Hungarian-born American cellist Janos Starker died Sunday at 88. Starker's career included more than 165 recordings, as well as decades of teaching.
Erich Auerbach

Cellist Janos Starker has died at 88, ending a life and career that saw him renowned for his skills as a soloist, his prodigious work with orchestras, and his commitment to teaching. Starker was born in Budapest in 1924; his path to becoming an international star included surviving life in a Nazi labor camp.

Prolific as well as talented, Starker's recording career spanned more than 50 years. His discography numbers more than 165 recordings, according to his former management agency.

"Among his most acclaimed discs are the Bach cello suites and the Dvořák concerto, both recorded for Mercury Living Presence," reports Limelight magazine, "and the 1992 Grammy Award winning recording of the Bach suites for RCA."

Starker died early Sunday, according to Indiana Public Media's Sara Wittmeyer, whose report on his death including this description of his love for music:

"It is part of our lives in a way that we cannot wake up in the morning and go through life without music and without having this essential aspect of it, that music means just as much as eating and drinking or living," Starker said.

Starker had a longstanding relationship with Indiana University, which was influential in helping him immigrate to the United States from Germany in 1948. He later joined the faculty at the school, where he became a fixture.

Starker achieved what many critics saw as technical perfection in his performances. A previous member of orchestras in Dallas, at the Metropolitan Opera, and in Chicago, he played thousands of concerts.

He famously once walked out on a concert after being told that he couldn't smoke a cigarette beforehand, as was his standard practice. Starker was famously fond of Scotch, as well. His artistry and his anecdotes inspired a 1980 People magazine profile, a piece titled "Janos Starker May Be a 'Cold Bastard' in Concert but He's Hot Stuff at Indiana University."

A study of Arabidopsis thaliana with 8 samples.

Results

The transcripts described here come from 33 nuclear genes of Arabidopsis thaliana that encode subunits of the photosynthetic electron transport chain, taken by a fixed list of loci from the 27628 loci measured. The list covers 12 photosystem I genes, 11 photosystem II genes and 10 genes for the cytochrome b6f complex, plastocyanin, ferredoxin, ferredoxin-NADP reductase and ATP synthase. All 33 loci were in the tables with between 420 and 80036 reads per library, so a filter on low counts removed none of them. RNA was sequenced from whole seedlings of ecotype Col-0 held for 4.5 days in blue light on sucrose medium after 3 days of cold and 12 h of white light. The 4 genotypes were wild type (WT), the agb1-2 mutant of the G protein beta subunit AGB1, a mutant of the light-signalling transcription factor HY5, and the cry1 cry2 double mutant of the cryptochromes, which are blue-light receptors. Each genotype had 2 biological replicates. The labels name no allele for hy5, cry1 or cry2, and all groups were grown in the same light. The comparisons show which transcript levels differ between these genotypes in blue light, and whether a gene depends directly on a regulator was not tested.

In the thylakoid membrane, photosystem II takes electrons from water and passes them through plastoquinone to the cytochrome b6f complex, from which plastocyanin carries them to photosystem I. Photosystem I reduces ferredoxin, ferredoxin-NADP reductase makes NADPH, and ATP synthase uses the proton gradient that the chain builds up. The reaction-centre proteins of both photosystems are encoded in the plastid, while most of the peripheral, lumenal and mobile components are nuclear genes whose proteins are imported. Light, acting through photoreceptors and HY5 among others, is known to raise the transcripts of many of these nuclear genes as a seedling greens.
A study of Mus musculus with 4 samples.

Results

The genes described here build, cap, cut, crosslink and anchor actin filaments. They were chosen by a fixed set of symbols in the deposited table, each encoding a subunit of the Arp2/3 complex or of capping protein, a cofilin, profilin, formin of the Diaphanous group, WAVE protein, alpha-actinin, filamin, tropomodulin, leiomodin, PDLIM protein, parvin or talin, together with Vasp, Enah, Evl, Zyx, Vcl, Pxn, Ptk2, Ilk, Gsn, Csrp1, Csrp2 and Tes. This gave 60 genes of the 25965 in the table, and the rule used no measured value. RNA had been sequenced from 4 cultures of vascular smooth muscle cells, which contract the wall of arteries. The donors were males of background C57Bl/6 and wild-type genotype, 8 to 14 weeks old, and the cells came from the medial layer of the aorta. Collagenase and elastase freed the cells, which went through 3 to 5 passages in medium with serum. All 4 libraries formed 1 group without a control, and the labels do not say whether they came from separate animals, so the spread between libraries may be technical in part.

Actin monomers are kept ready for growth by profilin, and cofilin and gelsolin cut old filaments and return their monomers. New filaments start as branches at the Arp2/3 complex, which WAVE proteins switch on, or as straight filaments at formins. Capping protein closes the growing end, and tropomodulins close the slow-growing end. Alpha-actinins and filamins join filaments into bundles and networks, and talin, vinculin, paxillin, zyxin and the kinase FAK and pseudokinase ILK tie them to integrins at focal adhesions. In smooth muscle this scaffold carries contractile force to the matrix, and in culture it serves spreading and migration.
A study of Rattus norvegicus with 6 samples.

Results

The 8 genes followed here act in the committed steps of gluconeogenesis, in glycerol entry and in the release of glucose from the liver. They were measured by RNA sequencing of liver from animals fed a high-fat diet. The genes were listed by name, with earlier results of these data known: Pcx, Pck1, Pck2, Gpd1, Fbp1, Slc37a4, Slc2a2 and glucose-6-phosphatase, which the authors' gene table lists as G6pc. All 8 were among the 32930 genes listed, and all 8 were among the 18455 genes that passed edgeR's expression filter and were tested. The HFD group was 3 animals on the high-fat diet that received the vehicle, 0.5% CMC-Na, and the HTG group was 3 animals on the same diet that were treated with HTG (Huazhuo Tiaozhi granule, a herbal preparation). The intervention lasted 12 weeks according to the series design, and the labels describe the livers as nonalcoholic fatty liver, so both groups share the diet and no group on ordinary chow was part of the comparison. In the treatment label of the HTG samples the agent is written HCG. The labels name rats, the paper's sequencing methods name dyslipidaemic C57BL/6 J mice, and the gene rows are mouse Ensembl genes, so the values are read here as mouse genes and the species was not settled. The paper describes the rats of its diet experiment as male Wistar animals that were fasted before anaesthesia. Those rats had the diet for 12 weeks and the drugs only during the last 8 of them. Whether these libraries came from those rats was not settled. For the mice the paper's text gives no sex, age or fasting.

And all along the way, he taught. One of Starker's many students who went on to their own successful careers was Maria Kliegel, who studied with him in the 1970s.

In Strings magazine, Kliegel described what a Starker critique could be like:

"I played the slow movement of Haydn D major," she says. "When I finished, he was very quiet. He lit a cigarette and said very slowly, with a very deep voice, 'If you ever play so out of tune again, I will deny I was ever your teacher.'

"He knew how proud I was to be his student, so his comment affected me very strongly. I packed up my cello and left the room. There was nothing I could say. It was horrible, but he knew I could take it.... And I got the point. What he meant was that you never own good intonation. You always have to work for it."

As evinced by his wide-ranging book about music and life, The World of Music According to Starker, Janos Starker was a creative and inquiring spirit, and an irrepressible personality. A New Yorker review of the book notes how at the Met, "the conductor moved his seat to stop him ogling the women onstage."

A child prodigy, Starker was thrust into the spotlight when at age 15 he played Zoltan Kodály's Sonata for Solo Cello – "a piece known for being unplayable," as Wittmeyer writes.

Writing in the Jewish journal Forwardin 2009, Benjamin Ivry said that Starker won fame for flawless performances, in which he played music that was both demanding and passionate, all while remaining stone-faced.

"Quoting his friend, pianist György Sebök," Ivry wrote, "Starker frequently tells his students: 'Create excitement. Don't get excited.'"

In a 2006 interview for Strings, Starker told Katherine Millett why he teaches:

"For the past 48 years I have been here, and for 37 of those years I was playing 100 concerts a year," he said. "Yet the most important thing for me is teaching. I was basically born to be a teacher. That's my temperament. No matter how great the ovation is after a concert, the people eventually sit down and stop applauding. But if you teach, you may affect generations.

"I have a historic hang-up... I am much more concerned with the future than with all the accolades I got for performing. I stayed alive when many other people, including my brothers, were killed in the war. The fact I stayed alive means it is a duty for me to do as much good as I can."

Starker is survived by his wife, Rae, whom he married in 1960, as well as two daughters and three grandchildren.